Been ramping up my Python skills with some real-world projects using Neural Nets. I learned to create a Neural Net in Python a few years ago from Tariq Rashid’s excellent book “Make Your Own Neural Net.” His code for teaching a Net to recognize handwritten digits really did work, but I didn’t know what to do with it after that. The usual projects have to do with categorizing irises and predicting house prices, and those didn’t interest me. I like graphical stuff and teaching my coding students to make cool art. They’re mostly little kids who love to make games, or play games rather. Sometimes you can get them to code a game they want to play, like Flappy Birds. It’s a very simple game: the goal is to make the bird fly through the gap in the pipes. Gravity pulls the bird down and the player makes the bird flap by pressing a button:
Dan Shiffman posted a bunch of videos on his fun, inspiring YouTube channel Coding Train about making a Flappy Birds AI using neuroevolution. That means you make a Neural Net to be the bird’s brain and train it to play the game using a Genetic Algorithm. You set a hundred or more birds loose in the game and the birds who perform better go on to the next generation, some with their brains mutated a little or crossed with other birds’ brains to simulate reproduction. The point of Shiffman’s video was to copy the functionality of the game and not the exact look, so I made a working clone where I could make a circle bob up and down using the space bar and rectangles that would move to the left and collide with the circle.
Even more dire than my gaming skills was the fact that I couldn’t use my favorite Neural Network in the game because Processing is written in Java and not Python. The “Python” mode simply translates the code to Java, then runs it, and so you can’t import commonly used libraries like numpy and so on.
I spent a few days coding my own file to do matrix operations and adapted the neural network code to use it but it turned out to be a disappointment. The birds flew, surprisingly, but they maintained their altitude and never avoided the pipes.
I followed Shiffman’s example of taking 5 inputs: the height of the bird from the ground, the velocity of the bird, the vertical heights of the upper and lower parts of the nearest upcoming pipe, and the all-important distance to that pipe. These values went in a list or array that became the inputs to the neural net. The five inputs can be seen on the left of the diagram below:
The lines from the input nodes on the left to the 6 hidden nodes in the middle of the network are weights. The number contained in the input node will be multiplied by the number in the weight and the result will go into the hidden node. The final value for the hidden node will be the sum of all the numbers going into it. But there are 5 weights going into every hidden node, and there are 6 hidden nodes. That’s a lot of multiplying and adding! Good thing there’s matrices. They make doing this a breeze for a computer.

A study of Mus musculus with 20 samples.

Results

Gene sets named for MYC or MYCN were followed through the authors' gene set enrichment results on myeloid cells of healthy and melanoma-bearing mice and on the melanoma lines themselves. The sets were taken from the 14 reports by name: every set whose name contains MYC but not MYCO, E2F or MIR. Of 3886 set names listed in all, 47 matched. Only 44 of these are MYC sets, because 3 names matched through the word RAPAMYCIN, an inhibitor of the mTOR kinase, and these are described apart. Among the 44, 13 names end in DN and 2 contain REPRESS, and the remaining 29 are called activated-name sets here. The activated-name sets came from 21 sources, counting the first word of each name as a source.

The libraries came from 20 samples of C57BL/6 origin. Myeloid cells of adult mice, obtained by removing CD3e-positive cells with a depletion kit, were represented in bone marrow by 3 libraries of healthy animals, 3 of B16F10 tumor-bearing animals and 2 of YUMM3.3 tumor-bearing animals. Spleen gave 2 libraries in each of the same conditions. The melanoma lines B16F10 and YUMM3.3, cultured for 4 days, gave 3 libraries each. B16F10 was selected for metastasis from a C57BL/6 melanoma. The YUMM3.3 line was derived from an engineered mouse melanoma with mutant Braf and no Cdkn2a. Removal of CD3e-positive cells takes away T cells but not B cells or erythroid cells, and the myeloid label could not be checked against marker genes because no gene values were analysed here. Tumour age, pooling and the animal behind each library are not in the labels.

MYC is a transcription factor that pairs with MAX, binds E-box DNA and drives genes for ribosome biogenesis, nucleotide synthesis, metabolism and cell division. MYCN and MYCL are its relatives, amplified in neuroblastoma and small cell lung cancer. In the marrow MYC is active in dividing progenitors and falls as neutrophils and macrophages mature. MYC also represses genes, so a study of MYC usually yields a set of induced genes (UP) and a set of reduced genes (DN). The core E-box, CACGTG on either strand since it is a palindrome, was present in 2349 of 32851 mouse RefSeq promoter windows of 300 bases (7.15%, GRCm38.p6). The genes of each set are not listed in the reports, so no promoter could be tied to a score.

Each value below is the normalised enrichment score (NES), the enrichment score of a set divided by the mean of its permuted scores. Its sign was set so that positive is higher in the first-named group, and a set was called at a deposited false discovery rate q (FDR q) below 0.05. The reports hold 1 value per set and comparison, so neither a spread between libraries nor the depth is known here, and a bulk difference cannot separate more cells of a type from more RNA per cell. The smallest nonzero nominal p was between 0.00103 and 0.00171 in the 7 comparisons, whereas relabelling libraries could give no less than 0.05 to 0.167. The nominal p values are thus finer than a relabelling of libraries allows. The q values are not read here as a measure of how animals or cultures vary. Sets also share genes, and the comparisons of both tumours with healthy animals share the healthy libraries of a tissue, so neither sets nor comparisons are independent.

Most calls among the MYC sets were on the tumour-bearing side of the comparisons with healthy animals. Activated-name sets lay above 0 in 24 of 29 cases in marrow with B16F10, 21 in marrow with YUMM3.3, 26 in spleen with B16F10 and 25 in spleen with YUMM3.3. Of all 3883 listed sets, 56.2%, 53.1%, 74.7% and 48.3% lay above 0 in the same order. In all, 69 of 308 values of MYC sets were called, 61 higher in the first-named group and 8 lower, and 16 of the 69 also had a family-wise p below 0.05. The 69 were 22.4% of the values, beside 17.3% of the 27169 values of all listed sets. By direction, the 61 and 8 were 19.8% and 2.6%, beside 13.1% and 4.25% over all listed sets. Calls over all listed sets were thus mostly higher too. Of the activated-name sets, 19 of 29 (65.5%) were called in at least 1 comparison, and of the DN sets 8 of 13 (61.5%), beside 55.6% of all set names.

Here’s how the “signal” is propagated through the net. First the 5 input values are multiplied by the weights and are summed together in the hidden nodes:
The weights are all random decimals. We’ll see how good a bird brain they make (spoiler alert: not very good) and “mutate” them in the next generation to see if we can improve the bird’s performance. From the 6 hidden nodes, there are 6 weights leading to the output node. More matrix multiplication and we have our final number. If it’s over 0.5, the bird will flap. If not, it won’t flap.
The output is well over 0.5, so the bird will flap. This process is repeated by every bird, every frame(!) until only the best performers are left. Here’s how the first few generations go:
Each generation starts off with 500 birds and most don’t make it past the first pipe. The ones that do, get saved and their brains are copied into a bunch of offspring, many of whom get mutated to see if it produces better results. Just like real life!
My friend and collaborator Paddy Gaunt suggested doing the training without the graphics would be quicker, and after seeing a bunch of generations crash and fail I was OK with that. Now all I would get is printed output of how many generations had been tested and what the highest score achieved is. Here’s an example of the printout:
I saved the array representing the weights from the bird’s brain that produced such an amazing performance. There’s also a way to have numpy do that automatically, to save you having to copy and paste the array back in to the program. Once you’ve copied the brain into a bird and set it loose in the graphics again, it works wonderfully! I wanted to showcase the champion birds in a little more professional-looking environment, so I found some more authentic graphics:
The birds were trained on an easier course, and the pipes appear at random heights, so these all-stars aren’t simply remembering the course, they’re trained to flap according to the info they get from the environment!
Imagine using this same process to train real things like drones or robots! I fully plan to train more nets on games like Asteroids (my favorite videogame back in the days when they cost a quarter), Snake and newer games like 2048. Stay tuned!